Oyster Bay considers municipal land sale

The Cerro Wire water tower falls to the

The Cerro Wire water tower falls to the ground as it is demolished on Robbins Lane in Syosset on Sept. 21, 2004. (Credit: Newsday / Karen Wiles Stabile)


The adopted 2013 budget includes that figure as a one-time revenue source. Town officials say they are conducting an inventory of available land but no decisions have been made and nothing is for sale yet.

The most prominent sites being discussed in development circles are the former Syosset landfill and part of the adjoining town public works complex. That land is adjacent to the former Cerro Wire site, where a developer has been trying for 17 years to build an upscale shopping mall over the objections of the town and neighboring residents.

Leonard Genova, town attorney and deputy supervisor, said $17.5 million represents what officials believe can be garnered from selling some of the available land.

"We are in the process of evaluating everything we own to determine if anything is excess or we can consolidate to create excess property," he said. "We are looking at all of our properties, which would include the public works facility."

The town owns hundreds of parcels of empty land, many of them small.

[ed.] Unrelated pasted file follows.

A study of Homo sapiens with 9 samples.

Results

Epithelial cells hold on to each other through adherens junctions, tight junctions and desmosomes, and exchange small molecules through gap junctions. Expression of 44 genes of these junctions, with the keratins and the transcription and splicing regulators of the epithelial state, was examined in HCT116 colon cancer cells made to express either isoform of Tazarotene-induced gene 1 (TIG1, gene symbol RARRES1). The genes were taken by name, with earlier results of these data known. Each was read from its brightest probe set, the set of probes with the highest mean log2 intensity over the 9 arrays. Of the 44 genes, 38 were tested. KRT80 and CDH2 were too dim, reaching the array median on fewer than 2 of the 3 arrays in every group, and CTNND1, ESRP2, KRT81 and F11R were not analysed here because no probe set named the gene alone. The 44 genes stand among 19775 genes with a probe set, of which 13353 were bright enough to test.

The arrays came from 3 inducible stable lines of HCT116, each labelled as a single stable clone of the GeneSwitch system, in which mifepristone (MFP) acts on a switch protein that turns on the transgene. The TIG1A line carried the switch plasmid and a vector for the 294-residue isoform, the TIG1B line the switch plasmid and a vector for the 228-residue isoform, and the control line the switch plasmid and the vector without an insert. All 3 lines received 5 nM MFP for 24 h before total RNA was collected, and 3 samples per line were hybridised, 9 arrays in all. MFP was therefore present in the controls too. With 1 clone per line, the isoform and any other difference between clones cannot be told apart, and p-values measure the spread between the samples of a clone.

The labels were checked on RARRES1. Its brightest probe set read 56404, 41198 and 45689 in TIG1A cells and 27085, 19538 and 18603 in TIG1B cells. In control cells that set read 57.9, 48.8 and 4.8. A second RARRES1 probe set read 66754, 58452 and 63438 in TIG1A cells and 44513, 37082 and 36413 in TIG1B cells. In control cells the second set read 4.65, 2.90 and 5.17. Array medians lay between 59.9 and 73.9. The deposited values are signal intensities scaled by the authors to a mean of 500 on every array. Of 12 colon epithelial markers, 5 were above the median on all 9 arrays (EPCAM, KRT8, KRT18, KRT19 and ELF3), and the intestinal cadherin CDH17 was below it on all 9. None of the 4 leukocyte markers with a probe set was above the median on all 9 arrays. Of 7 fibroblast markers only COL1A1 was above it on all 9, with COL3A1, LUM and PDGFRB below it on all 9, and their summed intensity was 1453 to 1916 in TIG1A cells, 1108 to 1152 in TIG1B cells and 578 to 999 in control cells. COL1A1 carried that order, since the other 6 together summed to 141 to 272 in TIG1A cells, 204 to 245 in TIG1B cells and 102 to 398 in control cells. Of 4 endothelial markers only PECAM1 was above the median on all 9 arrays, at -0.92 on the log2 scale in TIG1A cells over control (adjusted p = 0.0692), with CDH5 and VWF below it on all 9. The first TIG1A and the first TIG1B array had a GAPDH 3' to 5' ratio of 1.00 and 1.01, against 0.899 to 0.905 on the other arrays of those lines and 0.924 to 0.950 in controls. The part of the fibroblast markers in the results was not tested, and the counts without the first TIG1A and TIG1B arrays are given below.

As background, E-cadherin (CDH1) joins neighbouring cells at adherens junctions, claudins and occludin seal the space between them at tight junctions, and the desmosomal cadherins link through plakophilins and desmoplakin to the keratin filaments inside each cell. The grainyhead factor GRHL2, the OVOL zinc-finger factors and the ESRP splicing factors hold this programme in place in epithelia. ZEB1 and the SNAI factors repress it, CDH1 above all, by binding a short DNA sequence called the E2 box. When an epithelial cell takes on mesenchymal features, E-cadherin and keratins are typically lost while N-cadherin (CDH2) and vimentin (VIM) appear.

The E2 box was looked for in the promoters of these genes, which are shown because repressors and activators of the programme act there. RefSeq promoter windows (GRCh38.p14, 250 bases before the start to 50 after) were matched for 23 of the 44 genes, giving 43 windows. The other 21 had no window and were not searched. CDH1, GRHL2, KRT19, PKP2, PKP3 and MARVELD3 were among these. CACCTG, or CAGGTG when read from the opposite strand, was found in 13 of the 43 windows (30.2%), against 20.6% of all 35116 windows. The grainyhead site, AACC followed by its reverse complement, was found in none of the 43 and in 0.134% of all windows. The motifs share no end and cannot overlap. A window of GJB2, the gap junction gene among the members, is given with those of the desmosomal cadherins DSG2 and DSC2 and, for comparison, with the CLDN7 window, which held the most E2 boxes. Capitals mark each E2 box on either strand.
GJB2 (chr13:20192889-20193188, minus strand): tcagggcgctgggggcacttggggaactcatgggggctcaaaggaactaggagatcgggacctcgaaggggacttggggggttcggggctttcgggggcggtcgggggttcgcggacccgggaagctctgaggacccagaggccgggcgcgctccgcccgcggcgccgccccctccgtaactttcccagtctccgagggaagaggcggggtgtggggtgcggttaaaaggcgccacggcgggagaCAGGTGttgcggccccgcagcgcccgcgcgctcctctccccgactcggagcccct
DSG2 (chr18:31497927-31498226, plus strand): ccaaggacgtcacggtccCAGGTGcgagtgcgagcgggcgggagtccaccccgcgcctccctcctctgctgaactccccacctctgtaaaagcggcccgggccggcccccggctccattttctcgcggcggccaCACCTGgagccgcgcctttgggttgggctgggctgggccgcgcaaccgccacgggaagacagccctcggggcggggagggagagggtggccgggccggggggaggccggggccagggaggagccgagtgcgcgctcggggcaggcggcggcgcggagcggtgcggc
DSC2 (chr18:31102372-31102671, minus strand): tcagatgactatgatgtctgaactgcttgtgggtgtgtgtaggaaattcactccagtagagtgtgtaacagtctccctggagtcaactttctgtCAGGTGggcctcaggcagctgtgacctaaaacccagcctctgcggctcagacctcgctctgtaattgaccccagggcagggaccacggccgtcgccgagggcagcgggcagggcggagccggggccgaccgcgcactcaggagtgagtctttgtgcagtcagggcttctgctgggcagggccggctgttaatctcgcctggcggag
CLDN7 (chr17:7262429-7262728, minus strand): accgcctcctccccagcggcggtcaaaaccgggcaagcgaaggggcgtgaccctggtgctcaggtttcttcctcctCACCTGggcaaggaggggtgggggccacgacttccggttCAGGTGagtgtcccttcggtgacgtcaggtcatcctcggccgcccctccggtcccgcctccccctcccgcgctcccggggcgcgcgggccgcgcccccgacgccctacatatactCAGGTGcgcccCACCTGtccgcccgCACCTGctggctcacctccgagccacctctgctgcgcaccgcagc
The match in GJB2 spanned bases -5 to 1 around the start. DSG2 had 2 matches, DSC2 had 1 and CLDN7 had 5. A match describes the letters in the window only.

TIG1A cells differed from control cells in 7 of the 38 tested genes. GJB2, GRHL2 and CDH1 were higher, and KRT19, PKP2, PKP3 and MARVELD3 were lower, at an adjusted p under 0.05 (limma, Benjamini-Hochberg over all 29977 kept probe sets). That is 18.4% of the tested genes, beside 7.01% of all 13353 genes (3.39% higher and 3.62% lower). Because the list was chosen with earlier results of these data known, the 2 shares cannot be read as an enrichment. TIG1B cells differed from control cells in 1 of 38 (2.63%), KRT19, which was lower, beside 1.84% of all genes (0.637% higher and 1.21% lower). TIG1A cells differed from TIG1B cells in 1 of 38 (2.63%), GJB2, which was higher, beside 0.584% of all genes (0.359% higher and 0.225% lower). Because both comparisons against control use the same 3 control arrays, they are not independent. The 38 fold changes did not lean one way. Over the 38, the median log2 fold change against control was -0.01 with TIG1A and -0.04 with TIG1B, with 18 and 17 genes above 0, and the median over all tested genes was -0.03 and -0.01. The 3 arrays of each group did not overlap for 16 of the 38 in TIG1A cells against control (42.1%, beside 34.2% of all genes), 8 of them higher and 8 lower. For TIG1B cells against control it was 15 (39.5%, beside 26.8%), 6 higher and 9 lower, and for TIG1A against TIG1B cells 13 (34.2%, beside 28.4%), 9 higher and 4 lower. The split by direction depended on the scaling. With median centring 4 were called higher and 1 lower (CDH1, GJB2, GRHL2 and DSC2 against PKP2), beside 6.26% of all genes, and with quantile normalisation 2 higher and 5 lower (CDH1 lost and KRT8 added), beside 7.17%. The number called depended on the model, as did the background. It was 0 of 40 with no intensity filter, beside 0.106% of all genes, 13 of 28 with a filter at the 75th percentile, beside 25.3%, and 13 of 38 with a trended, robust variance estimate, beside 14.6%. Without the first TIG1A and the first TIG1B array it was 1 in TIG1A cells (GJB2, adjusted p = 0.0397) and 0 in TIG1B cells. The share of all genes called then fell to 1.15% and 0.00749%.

The 15-acre landfill, used now for parking town vehicles, and the adjacent public works complex are legally one lot so any sale would require a subdivision after hearings.

Development experts say the town's financial crisis with a $13 million deficit, recent employee buyouts and the threat of 200 layoffs could make the mall project more appealing to officials. And, the experts add, a sale of some land to Taubman could reduce the project's density by spreading development over a broader area.

"In this economy, all options are on the table," said Desmond Ryan, executive director of the Association for a Better Long Island, a business group.

But Supervisor John Venditto has been outspoken in opposition to the mall, saying he would favor only a mixed-use project advocated by neighbors.

Gary Lewi, spokesman for the developer of the 750,000-square-foot mall, Michigan-based Taubman Centers, said, "We are in litigation with the Town of Oyster Bay so I am not going to comment in regards to that property."

Todd Fabricant, of East Norwich, chairman of the Cerro Wire Coalition, the group fighting the mall, said, "There is a financial void in the town budget. But after 17 years, my coalition of 26 civic groups, boards of education and fire districts is going to fight this to the end."

He said building the mall on a larger site would not mitigate the additional traffic created on Robbins Lane and the Long Island Expressway North Service Road.

The fight over the 39-acre Cerro property has raged since Taubman bought the property in 1994. The town rejected the project on environmental grounds a decade ago. After years of litigation, a state appeals court upheld that decision in 2009.